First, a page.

Live music has a particularly strong power of attraction. People from all classes, incomes and cultural backgrounds come together wherever music is performed. They stop in their tracks, listen and enjoy it. The musicians of the NedPhO and the NKO see this every time that they perform in a hospital or in the square of one of the suburbs. When people share an experience, the barriers that normally stop them communicating with each other disappear. Music brings people together — and this is exactly what NedPhO GO! intends. Concerts also provide distraction, consolation and relaxation.
Never too old for an enriching experience
Eliane Attinger, director of the Ostadetheater, collaborated with NedPhO GO! during the Babelfestival in the Pijp area of Amsterdam: ‘I have seen all too often that art is approached either too amateurishly or too cheaply here. It doesn’t convince anyone. People are already set apart from art and you can only reach them by showing them the very best.’ We see that she is right later during a community centre concert when the lady behind the bar closes her eyes and smiles, rocking her body in time to the music.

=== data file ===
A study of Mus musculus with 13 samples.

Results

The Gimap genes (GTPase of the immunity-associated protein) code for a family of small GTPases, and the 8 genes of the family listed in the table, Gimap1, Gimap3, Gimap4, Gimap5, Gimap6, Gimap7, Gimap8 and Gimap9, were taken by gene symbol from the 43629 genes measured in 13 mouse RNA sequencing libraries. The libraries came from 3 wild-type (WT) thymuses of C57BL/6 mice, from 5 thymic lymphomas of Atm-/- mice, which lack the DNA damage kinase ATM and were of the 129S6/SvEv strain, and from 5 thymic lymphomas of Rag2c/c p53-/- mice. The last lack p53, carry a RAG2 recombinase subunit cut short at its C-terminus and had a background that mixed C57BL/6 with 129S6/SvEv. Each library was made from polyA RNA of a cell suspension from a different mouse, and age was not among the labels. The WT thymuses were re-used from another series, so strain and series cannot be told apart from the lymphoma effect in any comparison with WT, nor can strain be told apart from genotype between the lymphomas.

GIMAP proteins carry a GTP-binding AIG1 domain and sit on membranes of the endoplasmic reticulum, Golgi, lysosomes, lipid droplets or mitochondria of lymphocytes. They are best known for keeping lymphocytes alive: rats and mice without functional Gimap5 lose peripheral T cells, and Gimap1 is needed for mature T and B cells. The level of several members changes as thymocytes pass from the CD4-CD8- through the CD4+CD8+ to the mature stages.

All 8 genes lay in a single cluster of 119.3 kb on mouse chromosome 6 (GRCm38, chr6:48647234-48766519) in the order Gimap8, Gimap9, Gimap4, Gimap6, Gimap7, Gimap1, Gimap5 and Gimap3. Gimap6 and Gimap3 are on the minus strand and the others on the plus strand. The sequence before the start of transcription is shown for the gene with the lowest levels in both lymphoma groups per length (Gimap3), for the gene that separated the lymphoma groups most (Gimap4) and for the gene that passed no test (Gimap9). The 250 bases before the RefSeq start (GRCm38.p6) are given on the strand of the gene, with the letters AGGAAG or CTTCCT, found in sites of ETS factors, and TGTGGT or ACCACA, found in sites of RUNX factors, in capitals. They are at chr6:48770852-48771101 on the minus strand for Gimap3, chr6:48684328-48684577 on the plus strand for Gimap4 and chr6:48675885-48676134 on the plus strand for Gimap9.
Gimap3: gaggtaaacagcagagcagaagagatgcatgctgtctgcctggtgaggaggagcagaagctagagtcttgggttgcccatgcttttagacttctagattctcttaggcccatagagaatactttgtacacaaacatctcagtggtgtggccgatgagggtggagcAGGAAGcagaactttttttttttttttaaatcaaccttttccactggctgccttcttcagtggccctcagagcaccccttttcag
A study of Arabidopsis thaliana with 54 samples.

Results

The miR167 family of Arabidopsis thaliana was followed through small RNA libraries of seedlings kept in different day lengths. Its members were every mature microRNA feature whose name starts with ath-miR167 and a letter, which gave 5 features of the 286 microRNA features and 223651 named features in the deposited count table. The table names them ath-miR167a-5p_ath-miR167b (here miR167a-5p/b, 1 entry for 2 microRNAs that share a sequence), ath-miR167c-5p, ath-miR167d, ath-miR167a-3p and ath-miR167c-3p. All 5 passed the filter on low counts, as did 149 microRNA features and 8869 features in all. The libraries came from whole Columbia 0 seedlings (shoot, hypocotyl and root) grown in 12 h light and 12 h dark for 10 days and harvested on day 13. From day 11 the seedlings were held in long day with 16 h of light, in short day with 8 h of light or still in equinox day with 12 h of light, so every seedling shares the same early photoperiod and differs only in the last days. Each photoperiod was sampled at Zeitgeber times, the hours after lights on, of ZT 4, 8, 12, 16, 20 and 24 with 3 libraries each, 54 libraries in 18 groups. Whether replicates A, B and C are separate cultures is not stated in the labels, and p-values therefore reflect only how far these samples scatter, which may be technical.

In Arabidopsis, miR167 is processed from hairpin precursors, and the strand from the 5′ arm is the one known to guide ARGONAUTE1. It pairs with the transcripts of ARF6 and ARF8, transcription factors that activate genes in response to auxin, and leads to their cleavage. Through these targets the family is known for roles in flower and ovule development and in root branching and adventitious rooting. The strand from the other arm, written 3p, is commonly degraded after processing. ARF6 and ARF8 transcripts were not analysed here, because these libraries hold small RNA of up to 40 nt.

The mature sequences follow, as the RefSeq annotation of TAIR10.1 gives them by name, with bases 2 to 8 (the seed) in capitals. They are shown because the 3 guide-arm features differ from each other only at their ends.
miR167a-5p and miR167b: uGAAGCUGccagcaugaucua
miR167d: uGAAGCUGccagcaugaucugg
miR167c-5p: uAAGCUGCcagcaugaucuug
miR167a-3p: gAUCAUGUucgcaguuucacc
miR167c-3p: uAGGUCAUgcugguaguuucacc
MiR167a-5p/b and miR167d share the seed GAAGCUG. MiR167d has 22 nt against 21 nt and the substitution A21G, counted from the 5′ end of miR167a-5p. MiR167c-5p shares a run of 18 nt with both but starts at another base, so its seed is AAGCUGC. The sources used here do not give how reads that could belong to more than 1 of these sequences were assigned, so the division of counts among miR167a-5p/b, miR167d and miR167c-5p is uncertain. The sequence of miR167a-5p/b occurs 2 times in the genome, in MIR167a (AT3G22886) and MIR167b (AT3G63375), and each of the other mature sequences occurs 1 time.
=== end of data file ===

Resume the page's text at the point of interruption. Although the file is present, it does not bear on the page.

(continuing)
‘In a small space like a community centre people experience the music very directly’: cellist Jan Bastiaan Neven knows this from experience. ‘People can often appreciate the music much more like this than in a large concert hall.’ ‘People really enjoy it’, adds his cellist colleague Nitzan Laster. ‘You can really make someone’s day.’
An audience member of a vocal recital in an Amsterdam nursing home sums it up well: ‘It makes a break in your day, but it’s more than that — it’s an enrichment too. Look, we all know how to sing here in the Jordaan, but this is something different.’